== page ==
Elon Musk is a hard to fathom - like all geniuses/entrepreneurs.
Tim Bechervaise has already written a fantastic post for Premier Christianity all about the man which is a good place to start your journey of discovery.
He's one of the richest men in the world. He's just sold some stocks and offered to buy Twitter for a cool $50bn or thereabouts. He's developed his own electric car (Tesla) and solar cell battery (Solarcity) industry, companies with state of the art manufacturing centres in Austin and Shanghai. He's built SpaceX to be one of the leading rocket technology firms in the world. The success of his companies is down to his own hard graft - living, breathing, working Tesla and SpaceX in three years which he has said were excruciating years.
But what's at the heart of Elon Musk?
In a number of recent interviews available on YouTube and other channels, he has rejected a lifestyle of conspicuous consumption. He's asked Twitter what he should spend. He made a $6bn gift shortly after being called out for not accepting the UN's suggestion that $6bn could solve the global food problem. He talks of Tesla cars not as a way to make electric cars but rather as a way to accelerate the need for sustainable power development, and the development of SpaceX as a way to spread humanity out across different planets to save us from a potential future extinction event if an asteroid hit the only planet we exist on. (Link to the full Babylon Bee interview).
While Musk doesn't seem to be just another rich man, just another consumerist giant, just another celebrity living the high life. Rejecting conspicuous consumption and preferring a less affluent life where his cash balances are pretty normal (what's that???). We can see some of the traits we see in other wealthy private individuals - a suspicion of the regulatory state, a valorisation of private industry, a preference for smaller government. In one interview, he talks of the ideal level of state involvement in the economy of 1%, although he acknowledges that few countries get there. He talks of pre-unification Germany's 40% as being a "pretty socialist model". Indeed, Musk talks freely with Babylon Bee's team as being 'rightist' - saying that the Bee team look at being about 6.5 on a 1-10 scale. He's less sure where he is...and seems to have a tough time with the Bee staff when he discusses government regulation.
But this is clearly where Musk sits with his arguments about freeing up Twitter. In his recent interview with the head of TED, Chris Anderson, Musk accepts that Twitter needs to be regulated by the laws of the country in which it is being used - so hate speech and threats of physical violence will always be banned in the UK and other European countries. What Musk wants to be open is the algorithm - the hidden way in which Twitter promotes or demotes users and posts. He wants all that in the open. But he still sees a marker of free speech as the ability of someone we don't like able to say something we don't like. So, it looks like there are going to be a fair few arguments up ahead! Although note that Musk has already said that he doesn't like lifetime bans or censorship and so perhaps a famous President is going to get a reprieve. What won't get a reprieve are the spam and scam bots which fill up so much of Twitter. Although the verification of each account needing to be linked to a person could well destroy Twitter as a place for justice, or a place for dissidents to speak out since they are much more likely to be exposed to authoritarian governments.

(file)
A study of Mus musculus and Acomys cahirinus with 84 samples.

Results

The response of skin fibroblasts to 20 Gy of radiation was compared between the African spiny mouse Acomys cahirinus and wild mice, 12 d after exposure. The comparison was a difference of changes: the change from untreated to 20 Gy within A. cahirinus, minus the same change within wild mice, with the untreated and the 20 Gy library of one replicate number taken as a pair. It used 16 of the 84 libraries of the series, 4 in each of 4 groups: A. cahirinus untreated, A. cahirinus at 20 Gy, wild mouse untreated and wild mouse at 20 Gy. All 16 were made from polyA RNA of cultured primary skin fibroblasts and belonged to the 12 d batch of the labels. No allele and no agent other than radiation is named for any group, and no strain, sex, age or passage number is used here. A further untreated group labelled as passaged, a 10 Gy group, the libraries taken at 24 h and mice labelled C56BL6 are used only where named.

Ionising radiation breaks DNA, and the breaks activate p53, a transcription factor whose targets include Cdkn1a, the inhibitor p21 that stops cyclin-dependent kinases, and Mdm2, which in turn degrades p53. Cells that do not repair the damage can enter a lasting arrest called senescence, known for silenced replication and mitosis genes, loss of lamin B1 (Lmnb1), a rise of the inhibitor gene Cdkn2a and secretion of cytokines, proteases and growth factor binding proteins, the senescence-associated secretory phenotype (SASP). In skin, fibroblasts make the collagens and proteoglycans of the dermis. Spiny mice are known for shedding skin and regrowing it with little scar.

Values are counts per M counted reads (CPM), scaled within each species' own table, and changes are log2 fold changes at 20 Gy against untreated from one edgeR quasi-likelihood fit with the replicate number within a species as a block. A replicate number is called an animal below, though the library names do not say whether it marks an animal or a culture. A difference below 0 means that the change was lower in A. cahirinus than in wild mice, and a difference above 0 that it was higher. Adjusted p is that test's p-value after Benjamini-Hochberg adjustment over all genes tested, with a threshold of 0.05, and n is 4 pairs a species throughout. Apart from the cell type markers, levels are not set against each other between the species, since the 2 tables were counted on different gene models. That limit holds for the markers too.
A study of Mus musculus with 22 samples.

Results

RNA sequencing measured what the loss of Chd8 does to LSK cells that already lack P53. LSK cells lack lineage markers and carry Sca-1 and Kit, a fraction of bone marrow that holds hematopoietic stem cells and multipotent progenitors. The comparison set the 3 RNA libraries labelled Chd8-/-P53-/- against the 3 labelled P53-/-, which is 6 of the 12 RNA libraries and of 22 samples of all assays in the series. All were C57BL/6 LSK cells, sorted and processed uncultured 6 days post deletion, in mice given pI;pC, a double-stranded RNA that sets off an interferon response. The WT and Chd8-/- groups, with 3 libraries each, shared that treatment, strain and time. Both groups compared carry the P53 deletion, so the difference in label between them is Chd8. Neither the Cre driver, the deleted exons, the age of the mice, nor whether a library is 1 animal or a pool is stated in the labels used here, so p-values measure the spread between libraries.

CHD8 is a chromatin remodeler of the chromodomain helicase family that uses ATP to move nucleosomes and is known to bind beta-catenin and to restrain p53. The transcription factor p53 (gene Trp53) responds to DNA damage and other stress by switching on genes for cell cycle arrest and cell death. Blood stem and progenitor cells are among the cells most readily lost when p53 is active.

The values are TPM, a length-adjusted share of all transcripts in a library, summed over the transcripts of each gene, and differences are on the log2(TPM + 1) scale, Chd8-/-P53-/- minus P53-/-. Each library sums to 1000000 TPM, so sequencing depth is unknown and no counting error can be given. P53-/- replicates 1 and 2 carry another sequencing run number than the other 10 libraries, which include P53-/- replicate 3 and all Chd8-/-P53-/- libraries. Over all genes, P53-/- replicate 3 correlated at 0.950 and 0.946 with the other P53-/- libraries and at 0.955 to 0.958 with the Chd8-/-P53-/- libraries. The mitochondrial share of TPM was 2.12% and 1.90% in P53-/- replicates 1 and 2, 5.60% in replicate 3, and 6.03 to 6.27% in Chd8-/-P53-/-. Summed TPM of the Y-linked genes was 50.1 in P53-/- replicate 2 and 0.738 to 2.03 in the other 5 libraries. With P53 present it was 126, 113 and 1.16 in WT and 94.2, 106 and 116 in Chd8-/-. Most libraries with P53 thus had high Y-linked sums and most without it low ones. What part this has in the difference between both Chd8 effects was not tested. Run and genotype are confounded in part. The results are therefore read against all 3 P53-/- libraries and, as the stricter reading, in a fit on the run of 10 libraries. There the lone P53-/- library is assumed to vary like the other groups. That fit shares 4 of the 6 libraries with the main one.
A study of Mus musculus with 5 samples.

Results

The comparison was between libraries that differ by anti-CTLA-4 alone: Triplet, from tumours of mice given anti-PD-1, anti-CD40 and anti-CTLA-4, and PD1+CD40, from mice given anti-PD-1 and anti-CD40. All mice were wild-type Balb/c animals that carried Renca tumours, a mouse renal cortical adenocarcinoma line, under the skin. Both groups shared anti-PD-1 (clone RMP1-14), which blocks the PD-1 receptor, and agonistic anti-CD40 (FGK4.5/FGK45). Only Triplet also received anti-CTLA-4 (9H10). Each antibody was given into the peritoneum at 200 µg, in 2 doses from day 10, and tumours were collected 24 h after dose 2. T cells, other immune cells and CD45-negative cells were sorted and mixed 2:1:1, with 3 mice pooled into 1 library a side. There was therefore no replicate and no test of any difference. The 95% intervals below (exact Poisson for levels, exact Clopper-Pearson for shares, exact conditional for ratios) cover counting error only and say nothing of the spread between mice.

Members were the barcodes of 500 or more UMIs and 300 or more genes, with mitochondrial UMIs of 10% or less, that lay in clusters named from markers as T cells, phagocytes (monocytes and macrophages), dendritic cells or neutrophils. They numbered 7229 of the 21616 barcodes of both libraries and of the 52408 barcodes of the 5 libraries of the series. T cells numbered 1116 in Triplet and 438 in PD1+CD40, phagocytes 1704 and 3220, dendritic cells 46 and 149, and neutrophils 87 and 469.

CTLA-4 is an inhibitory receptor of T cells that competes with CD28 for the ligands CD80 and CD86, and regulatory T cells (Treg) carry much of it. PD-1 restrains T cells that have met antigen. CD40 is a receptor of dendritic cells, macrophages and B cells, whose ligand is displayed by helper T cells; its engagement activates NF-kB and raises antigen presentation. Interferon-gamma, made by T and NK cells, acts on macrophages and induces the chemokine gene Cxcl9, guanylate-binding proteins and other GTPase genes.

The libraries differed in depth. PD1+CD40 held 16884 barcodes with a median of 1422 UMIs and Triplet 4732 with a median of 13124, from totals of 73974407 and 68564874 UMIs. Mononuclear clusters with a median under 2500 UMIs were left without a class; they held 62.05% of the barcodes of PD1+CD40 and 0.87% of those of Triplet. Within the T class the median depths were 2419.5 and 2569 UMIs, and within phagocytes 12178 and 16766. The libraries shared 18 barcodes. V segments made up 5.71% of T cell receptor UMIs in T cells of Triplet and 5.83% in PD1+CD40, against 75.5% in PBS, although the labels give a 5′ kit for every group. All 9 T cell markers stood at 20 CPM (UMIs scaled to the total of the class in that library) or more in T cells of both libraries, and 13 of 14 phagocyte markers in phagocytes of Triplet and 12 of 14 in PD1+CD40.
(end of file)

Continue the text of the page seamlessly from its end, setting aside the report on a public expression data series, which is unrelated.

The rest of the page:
Musk has his mind set not so much on the minutiae but on his Master Plan Part 3 - humanity as an extra-terrestrial species, the world built on sustainable energy and the phasing out of hydrocarbons (but he's a rather soft hydrocarbon critic) and the world as a place of free speech and happiness. The book will be a bestseller.
At the end of the Babylon Bee interview, the team ask Elon if he wants to give his life to Jesus. He's a little non-plussed by the answer. He casts around for pleasing statements - agreeing with the principles and statements Jesus made; talking of life in South African sunday school, of Jesus' miracle at the Wedding at Cana. He affirms the great wisdom of Jesus in terms of turning the other cheek (preferable to an eye for an eye "where we will all end up blind"), forgiveness and loving our neighbours. And then after agreeing to Einstein's quote that he believes the God Spinoza (a 17th century Dutch rationalist theologian) he makes the following comment:
"But if Jesus is saving people, I wouldn't stand in his way."
Musk is an intriguing character. A great scientist, a impressive business leader, a pioneer of new technologies. He fears for a future where Artificial General Intelligence is not regulated and understands the metaverse as a marketing gimmick rather than a technological advance. And now the King of Twitter - the defender of (regulated) free speech. Will this man succeed in his dreams to lift humanity into a higher place, to save the planet, to see the end of hydrocarbons?
Perhaps, it's time for us to be praying for Elon Musk, the new man for all socials.